Re-reading over both Orwell and Didion’s well-known essays “Why I Write”, I was struck by a sort of despair. Both Orwell, who believes that the act of writing about oneself at once concerns the wider public, and Didion, who insists that writers are writers because they “do not think in abstracts”, bring up genius ways of looking at the question, and I don’t dream of challenging their opinion that writing is inherently self-centered because it is as close to fact as opinion can be. I was struck with despair because all the while I was reading I was disappointed that such greats had chosen to answer that question. Because when it comes down to it, “Why do you write?” is a presumptuous question. It yearns to be answered coldly, disdainfully – “because I like to” – and left at that.
Surely, I felt, “why I write” is a question beneath the dignity of answering. And then I stopped mid-grumble because I realized that my snappish answer of “because I like to” would not only be uncharitable but untrue. That is when I realized I couldn’t seriously answer the question, and that is where the despair came in. But the more I think about that question (which is, after all, still foolish), the more I think it doesn’t matter to me why I write. At least not yet. To me, the pertinent question is not “Why do I write?” but, “Am I writing, and if not, why not?”.
This is a more telling statement than I’d like to admit. Simply put, it means I haven’t had the time to work out why I write. This confession may make some people consider me lazy and ill-motivated. But some things in life can’t be sought out, and life-experience is one of these things. To answer now with certainty the question of why I write would produce results as laughable as a six-year-old explaining Hemingway’s The Old Man and the Sea. That’s just the problem with being young, and being in school. You haven’t had time to become self-centered in an introspective, proportioned sort of way. And in any case, by virtue of being in school any of this writerly brand of introspectiveness you may have gained in your short years is promptly labeled “beside the point” and beaten out of you. Sure, you are taught to think critically and to solve problems, but the manner of introspectiveness that I am talking about can only come when you are somewhere remote from everything, either physically or emotionally, after a long bout of experience.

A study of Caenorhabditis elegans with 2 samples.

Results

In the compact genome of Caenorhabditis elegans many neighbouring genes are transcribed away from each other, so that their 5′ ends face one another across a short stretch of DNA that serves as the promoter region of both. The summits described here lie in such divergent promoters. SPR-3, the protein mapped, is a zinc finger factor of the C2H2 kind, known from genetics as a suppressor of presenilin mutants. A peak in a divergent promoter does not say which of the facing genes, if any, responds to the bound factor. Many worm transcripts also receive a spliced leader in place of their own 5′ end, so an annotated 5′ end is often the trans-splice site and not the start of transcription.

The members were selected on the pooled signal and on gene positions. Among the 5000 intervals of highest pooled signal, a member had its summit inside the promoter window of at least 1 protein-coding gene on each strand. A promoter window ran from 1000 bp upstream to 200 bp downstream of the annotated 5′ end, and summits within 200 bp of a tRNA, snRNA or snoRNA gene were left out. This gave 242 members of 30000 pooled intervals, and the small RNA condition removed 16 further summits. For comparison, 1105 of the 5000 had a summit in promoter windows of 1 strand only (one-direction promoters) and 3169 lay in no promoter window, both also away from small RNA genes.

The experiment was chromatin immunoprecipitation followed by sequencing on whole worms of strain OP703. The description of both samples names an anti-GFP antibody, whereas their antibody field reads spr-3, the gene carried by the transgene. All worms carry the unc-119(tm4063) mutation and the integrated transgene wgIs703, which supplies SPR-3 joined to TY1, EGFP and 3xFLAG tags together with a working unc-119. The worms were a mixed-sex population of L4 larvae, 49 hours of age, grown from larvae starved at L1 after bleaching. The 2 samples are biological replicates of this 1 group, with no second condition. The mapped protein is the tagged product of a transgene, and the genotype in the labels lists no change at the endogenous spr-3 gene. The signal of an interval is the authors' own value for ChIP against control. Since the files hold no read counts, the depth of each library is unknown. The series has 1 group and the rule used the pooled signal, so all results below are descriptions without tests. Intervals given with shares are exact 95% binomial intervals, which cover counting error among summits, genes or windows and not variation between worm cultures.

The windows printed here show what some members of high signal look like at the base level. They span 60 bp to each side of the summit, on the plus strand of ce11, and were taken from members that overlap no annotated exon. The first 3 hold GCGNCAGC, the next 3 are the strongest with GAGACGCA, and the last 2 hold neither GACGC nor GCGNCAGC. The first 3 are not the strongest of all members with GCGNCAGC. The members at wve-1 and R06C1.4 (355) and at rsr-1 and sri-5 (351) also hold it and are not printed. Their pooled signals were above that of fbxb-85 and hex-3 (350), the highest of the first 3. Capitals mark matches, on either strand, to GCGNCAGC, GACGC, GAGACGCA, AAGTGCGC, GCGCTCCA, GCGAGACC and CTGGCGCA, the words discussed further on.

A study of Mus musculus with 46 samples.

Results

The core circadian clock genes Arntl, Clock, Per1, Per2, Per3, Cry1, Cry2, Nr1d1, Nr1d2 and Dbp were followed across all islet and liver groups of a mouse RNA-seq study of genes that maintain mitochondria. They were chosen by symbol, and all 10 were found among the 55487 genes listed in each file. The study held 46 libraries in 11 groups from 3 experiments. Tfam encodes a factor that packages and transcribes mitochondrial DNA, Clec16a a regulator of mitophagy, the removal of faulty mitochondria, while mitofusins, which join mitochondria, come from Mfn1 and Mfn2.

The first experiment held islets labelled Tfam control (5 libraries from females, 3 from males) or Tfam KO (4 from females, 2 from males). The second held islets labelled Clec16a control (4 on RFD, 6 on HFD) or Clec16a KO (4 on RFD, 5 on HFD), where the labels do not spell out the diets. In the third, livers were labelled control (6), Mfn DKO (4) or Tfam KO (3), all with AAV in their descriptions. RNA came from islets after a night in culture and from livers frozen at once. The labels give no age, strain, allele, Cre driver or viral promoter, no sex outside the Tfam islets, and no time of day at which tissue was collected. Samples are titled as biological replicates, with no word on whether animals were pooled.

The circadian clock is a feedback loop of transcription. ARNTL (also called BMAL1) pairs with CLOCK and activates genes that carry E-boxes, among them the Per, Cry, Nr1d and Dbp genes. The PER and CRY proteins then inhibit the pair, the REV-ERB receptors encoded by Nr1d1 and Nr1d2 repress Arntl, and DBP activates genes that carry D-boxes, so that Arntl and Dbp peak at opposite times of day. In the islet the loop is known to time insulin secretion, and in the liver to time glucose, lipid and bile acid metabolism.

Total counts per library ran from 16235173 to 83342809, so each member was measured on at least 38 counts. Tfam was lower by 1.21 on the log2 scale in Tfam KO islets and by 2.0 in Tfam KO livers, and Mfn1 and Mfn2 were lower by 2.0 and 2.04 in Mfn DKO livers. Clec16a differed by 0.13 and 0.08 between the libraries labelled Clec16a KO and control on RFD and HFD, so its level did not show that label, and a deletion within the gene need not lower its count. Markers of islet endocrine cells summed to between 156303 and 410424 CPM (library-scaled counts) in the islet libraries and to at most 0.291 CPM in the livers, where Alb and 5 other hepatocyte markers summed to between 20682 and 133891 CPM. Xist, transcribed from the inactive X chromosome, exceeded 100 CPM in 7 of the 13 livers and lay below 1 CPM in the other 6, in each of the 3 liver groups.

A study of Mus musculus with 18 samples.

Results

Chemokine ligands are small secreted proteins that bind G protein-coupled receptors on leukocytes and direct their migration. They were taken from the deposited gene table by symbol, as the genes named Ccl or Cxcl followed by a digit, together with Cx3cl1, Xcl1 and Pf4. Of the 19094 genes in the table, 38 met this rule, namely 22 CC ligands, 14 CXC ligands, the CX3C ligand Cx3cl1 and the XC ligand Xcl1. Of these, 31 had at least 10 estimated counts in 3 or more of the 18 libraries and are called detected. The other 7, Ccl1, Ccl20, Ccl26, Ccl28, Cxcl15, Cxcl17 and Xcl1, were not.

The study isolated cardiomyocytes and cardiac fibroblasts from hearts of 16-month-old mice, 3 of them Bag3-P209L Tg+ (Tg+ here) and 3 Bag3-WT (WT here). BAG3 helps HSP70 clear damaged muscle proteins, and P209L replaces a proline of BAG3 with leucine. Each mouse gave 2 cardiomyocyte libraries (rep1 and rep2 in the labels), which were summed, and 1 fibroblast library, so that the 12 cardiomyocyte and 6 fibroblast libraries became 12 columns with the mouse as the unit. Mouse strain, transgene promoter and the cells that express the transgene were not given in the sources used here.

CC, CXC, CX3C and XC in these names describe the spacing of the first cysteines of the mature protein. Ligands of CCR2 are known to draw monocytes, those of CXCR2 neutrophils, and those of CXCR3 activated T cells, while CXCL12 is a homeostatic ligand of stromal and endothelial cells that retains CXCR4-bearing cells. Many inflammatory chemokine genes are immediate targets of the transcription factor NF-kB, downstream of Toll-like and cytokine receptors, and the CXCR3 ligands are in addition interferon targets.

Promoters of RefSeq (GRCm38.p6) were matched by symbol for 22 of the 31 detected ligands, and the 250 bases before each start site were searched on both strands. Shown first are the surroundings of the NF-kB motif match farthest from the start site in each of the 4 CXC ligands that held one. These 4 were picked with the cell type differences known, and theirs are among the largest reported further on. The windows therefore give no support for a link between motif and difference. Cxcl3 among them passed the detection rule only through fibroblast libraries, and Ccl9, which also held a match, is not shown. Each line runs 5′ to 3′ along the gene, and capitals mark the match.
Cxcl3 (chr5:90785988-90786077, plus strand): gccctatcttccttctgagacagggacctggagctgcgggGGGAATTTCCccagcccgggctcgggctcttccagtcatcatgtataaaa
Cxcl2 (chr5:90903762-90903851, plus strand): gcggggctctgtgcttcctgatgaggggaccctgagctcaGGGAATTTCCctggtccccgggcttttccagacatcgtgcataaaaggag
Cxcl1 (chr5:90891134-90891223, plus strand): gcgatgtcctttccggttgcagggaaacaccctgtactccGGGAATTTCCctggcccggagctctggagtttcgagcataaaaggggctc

Or so I’ve been told, by a number of credible and greying people who also happen to write. Not having had vast amounts of experience at writing – real writing, not what Orwell calls “the made-to-order stuff” – I suppose I must content myself with the more immediate needs of becoming good at writing: paper, pen, and a good stack of writing by older, experienced writers.